TEL AVIV—The low rents of Tel Aviv’s Neve Shaanan district draw drug dealers, prostitutes and foreign workers, said a man from Nigeria who identified himself only as David, but the foreign workers are the only ones routinely hunted by the police.
Since the early 1990s, when Israel reduced the number of Palestinian workers it would allow in the country, it has relied on large numbers of foreign workers from developing nations and Eastern Europe to do manual jobs. The workers come hoping for relatively high wages, but many say they find their promised land offers little more than exploitation and, according to Israeli human rights activists, “slavery conditions.”
And, in response to high unemployment rates in Israel in 2002, the government of Ariel Sharon decided to send home 263,000 foreign workers—10 percent of Israel’s workforce.
The majority of foreign workers arrived in the years after the first intifada began in 1989, when Palestinians were prevented from entering Israel to work. By last year, with the help of 460 immigration police—acting legally—Israel had repatriated 116,000 people.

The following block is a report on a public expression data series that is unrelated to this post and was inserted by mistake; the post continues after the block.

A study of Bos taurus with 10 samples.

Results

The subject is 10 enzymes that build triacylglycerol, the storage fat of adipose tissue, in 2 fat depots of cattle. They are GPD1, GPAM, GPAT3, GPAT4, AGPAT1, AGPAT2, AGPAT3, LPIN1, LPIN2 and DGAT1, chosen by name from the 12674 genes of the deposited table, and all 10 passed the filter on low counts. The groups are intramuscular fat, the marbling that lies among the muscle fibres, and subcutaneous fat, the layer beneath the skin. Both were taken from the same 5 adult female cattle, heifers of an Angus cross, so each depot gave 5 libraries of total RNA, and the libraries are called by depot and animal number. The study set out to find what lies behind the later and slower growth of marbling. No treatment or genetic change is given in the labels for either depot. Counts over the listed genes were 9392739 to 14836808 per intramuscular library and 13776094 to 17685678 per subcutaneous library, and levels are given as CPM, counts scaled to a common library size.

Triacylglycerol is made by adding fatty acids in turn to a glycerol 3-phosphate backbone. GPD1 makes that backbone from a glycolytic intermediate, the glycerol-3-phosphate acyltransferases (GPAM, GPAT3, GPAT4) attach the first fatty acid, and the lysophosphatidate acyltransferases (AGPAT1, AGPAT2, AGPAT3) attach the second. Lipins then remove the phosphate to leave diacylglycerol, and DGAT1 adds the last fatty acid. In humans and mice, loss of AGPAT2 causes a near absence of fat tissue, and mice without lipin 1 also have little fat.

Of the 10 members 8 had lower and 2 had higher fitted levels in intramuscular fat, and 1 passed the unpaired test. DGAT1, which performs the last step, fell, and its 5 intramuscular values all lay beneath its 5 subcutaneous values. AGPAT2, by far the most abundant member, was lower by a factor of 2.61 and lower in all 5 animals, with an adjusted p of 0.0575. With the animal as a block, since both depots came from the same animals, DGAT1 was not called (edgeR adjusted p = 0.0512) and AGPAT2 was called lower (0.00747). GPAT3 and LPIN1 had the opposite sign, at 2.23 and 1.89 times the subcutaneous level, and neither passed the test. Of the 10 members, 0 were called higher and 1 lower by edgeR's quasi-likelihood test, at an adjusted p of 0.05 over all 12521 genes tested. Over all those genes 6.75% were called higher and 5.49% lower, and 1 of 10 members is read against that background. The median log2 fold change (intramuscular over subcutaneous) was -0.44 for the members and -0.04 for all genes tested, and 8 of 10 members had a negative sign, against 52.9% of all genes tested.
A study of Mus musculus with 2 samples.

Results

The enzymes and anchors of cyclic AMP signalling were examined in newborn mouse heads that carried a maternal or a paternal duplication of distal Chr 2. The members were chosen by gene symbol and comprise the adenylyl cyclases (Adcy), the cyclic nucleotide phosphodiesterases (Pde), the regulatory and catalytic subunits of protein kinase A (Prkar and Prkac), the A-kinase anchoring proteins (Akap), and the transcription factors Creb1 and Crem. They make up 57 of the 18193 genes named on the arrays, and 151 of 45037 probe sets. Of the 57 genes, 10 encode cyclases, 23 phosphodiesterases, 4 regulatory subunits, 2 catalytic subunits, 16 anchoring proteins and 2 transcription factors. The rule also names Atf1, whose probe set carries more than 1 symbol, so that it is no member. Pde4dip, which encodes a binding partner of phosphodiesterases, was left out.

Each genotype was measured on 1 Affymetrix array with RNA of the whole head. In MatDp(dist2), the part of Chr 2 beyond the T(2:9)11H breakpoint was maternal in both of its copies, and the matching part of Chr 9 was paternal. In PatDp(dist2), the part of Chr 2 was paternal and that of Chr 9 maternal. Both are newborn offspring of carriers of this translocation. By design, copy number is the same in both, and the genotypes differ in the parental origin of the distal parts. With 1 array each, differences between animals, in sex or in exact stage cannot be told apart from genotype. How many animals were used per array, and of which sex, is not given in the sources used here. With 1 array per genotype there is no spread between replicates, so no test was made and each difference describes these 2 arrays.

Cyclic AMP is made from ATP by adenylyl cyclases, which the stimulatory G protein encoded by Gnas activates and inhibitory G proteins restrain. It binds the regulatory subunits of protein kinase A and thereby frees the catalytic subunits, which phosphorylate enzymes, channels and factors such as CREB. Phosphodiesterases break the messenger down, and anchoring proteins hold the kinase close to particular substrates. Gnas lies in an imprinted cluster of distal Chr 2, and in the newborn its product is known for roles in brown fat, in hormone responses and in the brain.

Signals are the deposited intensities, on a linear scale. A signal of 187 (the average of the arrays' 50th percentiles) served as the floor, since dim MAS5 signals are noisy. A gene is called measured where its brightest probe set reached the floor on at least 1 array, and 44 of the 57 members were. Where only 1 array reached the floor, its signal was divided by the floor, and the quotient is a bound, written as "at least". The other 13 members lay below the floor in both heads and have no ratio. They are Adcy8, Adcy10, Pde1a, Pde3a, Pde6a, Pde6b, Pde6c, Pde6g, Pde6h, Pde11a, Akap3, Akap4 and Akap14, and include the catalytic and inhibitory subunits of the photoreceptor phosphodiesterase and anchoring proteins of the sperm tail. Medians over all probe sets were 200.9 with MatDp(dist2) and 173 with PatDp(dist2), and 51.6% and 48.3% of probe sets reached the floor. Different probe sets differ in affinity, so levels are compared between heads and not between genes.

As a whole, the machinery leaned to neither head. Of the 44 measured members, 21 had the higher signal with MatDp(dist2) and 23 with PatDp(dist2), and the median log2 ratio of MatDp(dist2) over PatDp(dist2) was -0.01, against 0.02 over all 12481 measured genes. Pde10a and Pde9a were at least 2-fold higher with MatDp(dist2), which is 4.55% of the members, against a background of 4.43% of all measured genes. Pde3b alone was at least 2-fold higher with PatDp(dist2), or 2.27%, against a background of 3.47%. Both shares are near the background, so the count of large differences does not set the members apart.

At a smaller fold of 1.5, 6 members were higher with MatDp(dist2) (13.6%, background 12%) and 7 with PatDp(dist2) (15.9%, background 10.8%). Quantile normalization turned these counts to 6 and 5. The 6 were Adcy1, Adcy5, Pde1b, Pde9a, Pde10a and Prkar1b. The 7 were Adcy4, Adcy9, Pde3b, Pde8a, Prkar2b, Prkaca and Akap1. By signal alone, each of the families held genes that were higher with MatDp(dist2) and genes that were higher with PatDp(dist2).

Hanan Zohar, director of the foreign workers’ pressure group Kav LaOved, said: “In spite of this, there are around 40,000 foreign workers entering the country per year, coming from Eastern Europe, Turkey, Nepal, China, the Philippines and other countries.” The foreign workers pay Israeli middlemen, who link them to an employer and provide them with a visa. Zohar said the Chinese pay $10,000 to come to Israel, while the Turks pay only $2,000.